The Companies (Amendment) Ordinance, 2019:

Whilst the Companies (Amendment) Bill, 2018, is still pending to be passed by the Rajya Sabha, the Companies (Amendment) Ordinance, 2019 has been promulgated, with effect from 12 January 2019, to continue the applicability of the provisions contained in the Companies (Amendment) Ordinance, 2018, relating to rearrangement of penalties for offences in the Companies Act, 2013 (the Act) and easing up compliance procedure in some respects. The pending bill shall become an Act post the approval of the Rajya Sabha and receipt of presidential assent and shall be effective from the date of notification in the Gazette. Once that happens, the amendments brought in by the Companies (Amendment) Ordinance, 2019 will also be crystallized in the Act.

While the inserted Section 10A prohibits all companies (whether public or private) from commencing business before they bring in the subscribers’ funds (the outer limit for which is within 180 days), file a declaration by the directors to this effect and report the registered office of the company within 30 days of commencement, Section 12(9) empowers the registrar to cause a physical verification of the registered office. On failure to file the declaration relating to the funds and verification of registered office, the registrar can initiate proceedings to remove the name of the company from the register under Chapter XVIII. This can act as a deterrent for shell companies since a physical office and receipt of funds is now mandatory.

Following are some provisions which ease up procedural requirements:

  • Change in the financial year of a holding, subsidiary or associate company of a company incorporated outside India and the conversion of a public company into private company, which earlier required the approval of National Company Law Tribunal (NCLT) can now be approved by the Central Government.
  • Section 197(7) which stated that an independent director will not be entitled to stock options and can receive remuneration in the form of sitting fees and reimbursements has been removed, adding a bit of flexibility to the payment mechanisms for independent directors.
  • The maximum amount of penalty which can be compounded by the Regional Director has been increased to twenty-five lakhs rupees.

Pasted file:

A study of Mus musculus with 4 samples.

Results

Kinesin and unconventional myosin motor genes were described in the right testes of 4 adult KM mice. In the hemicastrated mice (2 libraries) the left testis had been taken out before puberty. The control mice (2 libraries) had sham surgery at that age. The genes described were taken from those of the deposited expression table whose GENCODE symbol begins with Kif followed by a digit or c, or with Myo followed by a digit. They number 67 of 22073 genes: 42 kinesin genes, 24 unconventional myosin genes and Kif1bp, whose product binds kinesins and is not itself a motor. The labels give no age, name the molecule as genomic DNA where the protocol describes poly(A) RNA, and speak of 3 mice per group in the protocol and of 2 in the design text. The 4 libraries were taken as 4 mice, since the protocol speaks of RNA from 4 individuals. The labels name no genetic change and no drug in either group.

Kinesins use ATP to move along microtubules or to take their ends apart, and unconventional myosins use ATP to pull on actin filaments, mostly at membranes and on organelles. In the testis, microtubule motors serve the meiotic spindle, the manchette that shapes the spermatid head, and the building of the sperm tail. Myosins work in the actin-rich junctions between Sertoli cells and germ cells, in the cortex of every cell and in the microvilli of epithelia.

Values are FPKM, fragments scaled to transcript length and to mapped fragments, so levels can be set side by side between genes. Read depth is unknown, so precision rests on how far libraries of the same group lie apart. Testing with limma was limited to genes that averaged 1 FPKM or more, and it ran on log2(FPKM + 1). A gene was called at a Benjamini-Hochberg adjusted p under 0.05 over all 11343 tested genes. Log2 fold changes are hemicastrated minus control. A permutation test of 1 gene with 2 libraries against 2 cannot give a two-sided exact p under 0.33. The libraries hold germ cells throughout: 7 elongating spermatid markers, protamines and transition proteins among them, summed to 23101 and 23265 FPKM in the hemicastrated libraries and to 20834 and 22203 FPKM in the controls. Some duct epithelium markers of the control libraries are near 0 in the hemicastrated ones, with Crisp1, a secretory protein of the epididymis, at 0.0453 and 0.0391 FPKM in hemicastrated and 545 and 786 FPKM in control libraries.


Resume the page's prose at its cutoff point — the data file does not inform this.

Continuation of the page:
Provisions where the fines / additional fees have been rearranged include:

  • The minimum fine for the issue of shares at discount is fixed as the amount raised through the issue of such shares, the maximum fine is capped at five lakhs rupees and the company shall have to refund the monies received with 12 percent interest from date of issue.
  • The initial period for registration of charges has been increased from 30 to 60 days, but the extension which can be granted by the registrar has been brought down from 300 to 60 days. Further, the fees for extension have been changed from additional to ad valorem, which means high value charges will have higher fees, rather than a time-based slab.
  • Wilfully furnishing false information or suppressing material information in relation to charges will now invite penalty equivalent to fraud, which can extend to fifty lakh rupees.
  • Section 90 relating to significant beneficial owners, which had been significantly amended by the Companies (Amendment) Act, 2017 provides that NCLT, at the request of the company, can make an order restricting the rights on the shares owned by a person who is believed to be the beneficial owner, but who is not registered as a beneficial owner. A person who is aggrieved by this order can apply to NCLT for the restrictions to be removed, but the time period for this application has now been restricted to one year. If the application is not filed within one year, the shares can be transferred to the authority constituted for the administration of Investor Education and Protection Fund.
  • Continuing penalties per day of default have been brought in such as one hundred rupees per day for non-filing of financial statements and annual return, five hundred rupees per day for non-filing of resolutions and agreements under Section 117 of the Act and one thousand per day for not complying with the requirement to appoint key managerial personnel in accordance with Section 203.
  • Maximum fine for frauds not involving public interest or less than ten lakhs rupees or one percent of the turnover have been increased to fifty lakhs rupees from twenty lakhs rupees.
  • Amendments in Section 454 relating to imposition of penalty by adjudicating officer or regional director now bring into its purview ‘any other persons’, apart from the company itself and officers in default.
  • If the same offence for which the penalty was imposed by adjudicating officer or regional director is repeated, the penalty would then be twice the amount of penalty provided for such default.